A NEWPORT pensioner was jailed for four months for falsely claiming more than £41,000 in benefits.
Gwyn Kemp-Philp, 69, of Sandpiper Way, Newport, appeared in Cardiff Crown Court before Judge Stephen Hopkins after previously pleading guilty to 10 counts of dishonestly making false representation with a view to obtain benefits over an eight-year period.
The charges consisted of four of dishonestly making a false statement or representation and six of failing to disclose a change in circumstances which would affect benefit entitlement.
Between 2005 and 2013 he falsely claimed £41,162.56.
Christian Jowell, prosecuting, told the court the claims included council tax, pension credit, housing and incapacity benefit.
Mr Jowell said since the 1980s, Kemp-Philp and his wife had owned nine different UK bank accounts, as well as a French bank account, but declared only one on the application forms for the benefits.
He told the court Kemp-Philp began receiving incapacity benefit in 1993, and in 2005 submitted applications for housing, council tax and pension credit benefits, before submitting a further two for housing and council tax in June 2006.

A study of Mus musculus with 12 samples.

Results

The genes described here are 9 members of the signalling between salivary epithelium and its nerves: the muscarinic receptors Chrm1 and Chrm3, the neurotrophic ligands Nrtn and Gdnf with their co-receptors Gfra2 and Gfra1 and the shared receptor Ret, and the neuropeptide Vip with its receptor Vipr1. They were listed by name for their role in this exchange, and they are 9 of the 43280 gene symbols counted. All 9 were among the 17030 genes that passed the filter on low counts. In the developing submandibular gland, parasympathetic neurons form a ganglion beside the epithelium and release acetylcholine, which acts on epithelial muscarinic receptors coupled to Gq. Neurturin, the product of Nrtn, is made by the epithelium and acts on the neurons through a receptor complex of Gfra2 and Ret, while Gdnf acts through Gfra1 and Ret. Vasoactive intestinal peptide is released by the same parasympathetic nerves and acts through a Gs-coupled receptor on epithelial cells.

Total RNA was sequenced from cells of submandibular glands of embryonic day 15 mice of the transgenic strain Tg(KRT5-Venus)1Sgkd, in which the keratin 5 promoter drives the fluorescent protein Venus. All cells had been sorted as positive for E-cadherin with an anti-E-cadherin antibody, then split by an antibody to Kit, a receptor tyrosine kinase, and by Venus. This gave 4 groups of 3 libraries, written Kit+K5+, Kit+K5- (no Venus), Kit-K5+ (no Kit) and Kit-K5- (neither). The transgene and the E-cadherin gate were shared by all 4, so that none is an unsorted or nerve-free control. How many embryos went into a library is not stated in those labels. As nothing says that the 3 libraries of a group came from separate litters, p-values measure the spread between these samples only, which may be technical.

However, he was not entitled to the benefits for several reasons, including the fact he had owned land in France since the early 2000s, which he had not declared, and when he sold the land for £19,020 he did not declare the income. The court heard in June 2005 he started working for a scaffolding company, which again he did not declare. The court also heard he took out a £25,000 loan from Lloyds TSB in 2007, and gained £13,000 from the sale of a property at the Lighthouse Park Estate, both of which he failed to declare. Mr Jowell said Kemp-Philp was interviewed on three occasions in 2012 and gave ‘several excuses’ for his failure to alert the authorities to his change in circumstances. He said he used the money from the sale of the property to pay back debts; that he thought the land in France was ‘worthless’ and he did not declare his employment as the work was only ‘occasional’. In mitigation, Simon Goodman said Kemp-Philp suffered ill health, had no previous convictions and reminded the court that his client was entitled to some, but not all, of the benefits.
Judge Stephen Hopkins told Kemp-Philp: “For almost eight years you repeatedly committed this fraud of public funds, offences in which you intentionally deceived.
Kemp-Philp and his wife have so far paid back just over £6,000.